China: Shanghai Eases Path on Visas, Green Cards for Foreign Professionals


July 21—Shanghai is taking steps to realize Chinese President Xi Jinping's goal of making China's largest city a global hotbed for scientific and technological innovation, announcing new rules that make it easier to attract and keep top overseas professionals.

Effective July 1, foreign experts, senior executives, graduates with advanced degrees and entrepreneurs living in Shanghai have an easier go with China's infamous red tape. The rules announced by the city's Entry-Exit Administration Bureau reduce the steps affected foreigners must take to get visas and residence permits and allow them to stay longer without going through the annual hassles of renewal.

To be effective, however, the rules, which are unique in China, must be coordinated across various city agencies.

Sheng Xiaobo, a visa management official of the Shanghai Exit-Entry Administration Bureau, made the announcement July 2 and said professionals can apply for their work visas at the city's ports of entry so long as they hold a valid work permit, the English-language China Daily reported.

Entrepreneurs must, however, present a formal business plan and evidence of a relationship with a local partner or “incubator,” the rules say.

Highly Paid Talent, Others Get Different Treatment

The rules affect different categories of professional talent:

• Those certified as “high-level professionals” or hired for five-year assignments by a company on a science and technology innovation list may apply for five-year residence permits.

• A second group of professionals is defined, for the first time, simply by income. Those who have worked in Shanghai for more than four consecutive years, spent at least six months of each of those years in the country, earned a gross salary of at least 600,000 yuan ($97,000) and paid tax of more than 120,000 yuan ($19,300) in each of those years can apply for a permanent residence permit (green card).

• Foreign nationals certified as “talent” on their residence permits who have worked in the city for three straight years may also apply for green cards.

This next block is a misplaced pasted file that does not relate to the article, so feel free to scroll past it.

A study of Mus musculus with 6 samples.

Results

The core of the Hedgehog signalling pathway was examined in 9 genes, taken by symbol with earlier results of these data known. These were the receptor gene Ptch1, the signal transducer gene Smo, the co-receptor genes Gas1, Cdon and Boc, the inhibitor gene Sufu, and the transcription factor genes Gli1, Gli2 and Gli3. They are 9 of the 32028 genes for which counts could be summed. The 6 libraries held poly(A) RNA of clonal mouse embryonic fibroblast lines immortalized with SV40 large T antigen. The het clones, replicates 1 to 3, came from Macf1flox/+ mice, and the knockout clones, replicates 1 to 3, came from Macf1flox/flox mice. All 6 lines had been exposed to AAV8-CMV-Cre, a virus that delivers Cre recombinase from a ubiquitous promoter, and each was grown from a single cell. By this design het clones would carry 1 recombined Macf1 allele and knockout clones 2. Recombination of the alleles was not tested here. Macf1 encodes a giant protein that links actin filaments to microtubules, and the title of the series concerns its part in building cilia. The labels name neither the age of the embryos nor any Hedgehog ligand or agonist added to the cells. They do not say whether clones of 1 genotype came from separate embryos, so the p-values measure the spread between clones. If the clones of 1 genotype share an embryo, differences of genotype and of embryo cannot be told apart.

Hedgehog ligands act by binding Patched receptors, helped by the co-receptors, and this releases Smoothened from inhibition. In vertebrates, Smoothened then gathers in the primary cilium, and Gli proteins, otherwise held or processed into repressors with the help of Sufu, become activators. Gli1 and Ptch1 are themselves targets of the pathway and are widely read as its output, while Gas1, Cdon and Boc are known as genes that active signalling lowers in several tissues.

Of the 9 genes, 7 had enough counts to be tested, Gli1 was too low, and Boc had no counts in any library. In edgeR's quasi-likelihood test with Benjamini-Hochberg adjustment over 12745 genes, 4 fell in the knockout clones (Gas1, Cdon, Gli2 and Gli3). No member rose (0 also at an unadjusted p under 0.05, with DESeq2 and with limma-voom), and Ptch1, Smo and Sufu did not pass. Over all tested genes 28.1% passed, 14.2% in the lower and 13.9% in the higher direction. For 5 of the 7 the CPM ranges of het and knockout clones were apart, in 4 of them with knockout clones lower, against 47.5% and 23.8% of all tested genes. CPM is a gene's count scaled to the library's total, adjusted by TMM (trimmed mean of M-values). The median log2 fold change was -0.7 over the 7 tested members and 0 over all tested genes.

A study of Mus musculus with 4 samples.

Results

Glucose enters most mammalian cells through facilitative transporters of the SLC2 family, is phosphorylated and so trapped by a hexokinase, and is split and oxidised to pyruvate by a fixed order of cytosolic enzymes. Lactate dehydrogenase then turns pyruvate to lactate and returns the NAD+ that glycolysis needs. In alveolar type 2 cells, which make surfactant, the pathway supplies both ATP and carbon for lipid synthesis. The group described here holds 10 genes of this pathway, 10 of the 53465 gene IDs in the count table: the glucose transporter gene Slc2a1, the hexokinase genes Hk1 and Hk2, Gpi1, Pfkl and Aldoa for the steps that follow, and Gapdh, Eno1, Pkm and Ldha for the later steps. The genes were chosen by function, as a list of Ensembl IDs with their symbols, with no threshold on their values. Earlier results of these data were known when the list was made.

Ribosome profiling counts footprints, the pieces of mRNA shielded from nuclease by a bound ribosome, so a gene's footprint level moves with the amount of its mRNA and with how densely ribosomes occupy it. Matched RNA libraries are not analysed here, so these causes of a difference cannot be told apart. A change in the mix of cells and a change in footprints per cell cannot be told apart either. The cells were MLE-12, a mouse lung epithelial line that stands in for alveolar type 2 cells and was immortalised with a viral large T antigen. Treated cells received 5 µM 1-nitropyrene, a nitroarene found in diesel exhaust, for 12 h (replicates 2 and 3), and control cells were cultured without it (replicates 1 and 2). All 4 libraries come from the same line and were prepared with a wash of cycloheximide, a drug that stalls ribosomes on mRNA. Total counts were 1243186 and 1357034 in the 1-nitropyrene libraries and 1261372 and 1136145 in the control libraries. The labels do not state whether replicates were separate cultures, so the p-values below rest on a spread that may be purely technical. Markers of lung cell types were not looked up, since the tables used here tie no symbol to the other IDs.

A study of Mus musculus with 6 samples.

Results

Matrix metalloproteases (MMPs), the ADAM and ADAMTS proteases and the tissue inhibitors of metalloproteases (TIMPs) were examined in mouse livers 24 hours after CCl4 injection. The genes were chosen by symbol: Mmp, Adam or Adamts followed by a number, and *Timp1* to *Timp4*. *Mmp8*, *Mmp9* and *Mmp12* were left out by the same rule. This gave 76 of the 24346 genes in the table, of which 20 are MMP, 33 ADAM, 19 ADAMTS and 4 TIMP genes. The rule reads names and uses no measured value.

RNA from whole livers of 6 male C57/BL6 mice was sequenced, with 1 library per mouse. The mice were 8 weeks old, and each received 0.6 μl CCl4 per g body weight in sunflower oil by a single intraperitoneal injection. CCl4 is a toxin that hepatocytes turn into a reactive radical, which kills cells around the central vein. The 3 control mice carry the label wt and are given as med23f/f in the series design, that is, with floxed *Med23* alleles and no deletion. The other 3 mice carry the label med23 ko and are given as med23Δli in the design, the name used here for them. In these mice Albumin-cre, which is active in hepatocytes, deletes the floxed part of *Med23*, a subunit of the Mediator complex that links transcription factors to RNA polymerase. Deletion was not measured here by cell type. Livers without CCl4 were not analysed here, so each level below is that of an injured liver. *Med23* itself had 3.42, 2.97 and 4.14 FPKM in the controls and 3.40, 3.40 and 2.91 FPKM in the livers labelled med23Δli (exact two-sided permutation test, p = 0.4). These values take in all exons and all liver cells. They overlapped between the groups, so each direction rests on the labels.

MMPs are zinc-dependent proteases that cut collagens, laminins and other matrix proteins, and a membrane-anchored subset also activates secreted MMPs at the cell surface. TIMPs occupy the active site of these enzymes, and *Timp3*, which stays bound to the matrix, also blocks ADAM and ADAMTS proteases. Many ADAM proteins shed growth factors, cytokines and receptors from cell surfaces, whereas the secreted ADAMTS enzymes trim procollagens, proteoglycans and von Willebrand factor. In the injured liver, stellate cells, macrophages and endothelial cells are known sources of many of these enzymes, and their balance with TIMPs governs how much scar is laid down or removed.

• Foreigners who have applied twice and been granted residence permits valid for at least a year each may now apply for five-year residence permits on the third application.

• Foreign nationals employed for four consecutive years by one of the following companies may apply for permanent residence permits: National Laboratory, State Key Laboratory, National Engineering Laboratory, National Engineering Research Center, Technology Center of National Recognized Corporations, National Engineering Technology Research Center and Research and Development Center of Foreign Investment Corporations.

• Foreign graduates with plans to launch an innovative company may apply for a two-year “personal affairs” residence permit without applying for a work permit.

• Foreigners holding an employment/expert license may apply directly for a one-year residence permit or a Z (work) visa at either of the city's two airports, then get a residence permit. They no longer are required to leave the country to upgrade their visa.

 

Time, Coordination Required

Until now, only senior executives employed in high-tech industries or university professors could apply for green cards.

Only about 2,500 foreign nationals have received green cards in Shanghai in the past decade because the application criteria were “almost impossible to accomplish for most foreigners,” CCTV news reported. Officials predict the new policies will push the numbers up significantly, advancing Xi's economic goals for Shanghai.

“I think this can be a very good initiative to help the country, to help the city to be an innovation center,” an immigration manager in Shanghai told Bloomberg BNA on condition of anonymity because his comments might be construed as partially critical of the government. “On the other hand, I think it will still take some time because in China we don't have a unique immigration authority,”

“I think the new policy was issued in a rush, so they didn't have time to communicate with their counterparts in other departments,” the manager continued. “You usually have to go through many bureaus, such as Foreign Affairs and others. Immigration authorities will need to exchange their experience and work together and present multinational companies the whole package of how they can get the documents they want. It's just a start and with more time, this can stimulate the local economy.”

The American Chamber of Commerce in Shanghai, in an e-mail to Bloomberg BNA, said: “Any change in regulations that gives companies greater flexibility to hire the kind of talent they need is welcome. However, there is still a lack of clarity about how these rules will work.”

To contact the reporter on this story: Mark Melnicoe in Shanghai at correspondents@bna.com

To contact the editor responsible for this story: Rick Vollmar at rvollmar@bna.com

An official announcement of the new rules from the Shanghai city government is available in English at http://www.shanghai.gov.cn/shanghai/node27118/node27818/u22ai80307.html.

For more information on Chinese HR law and regulation, see the China primer.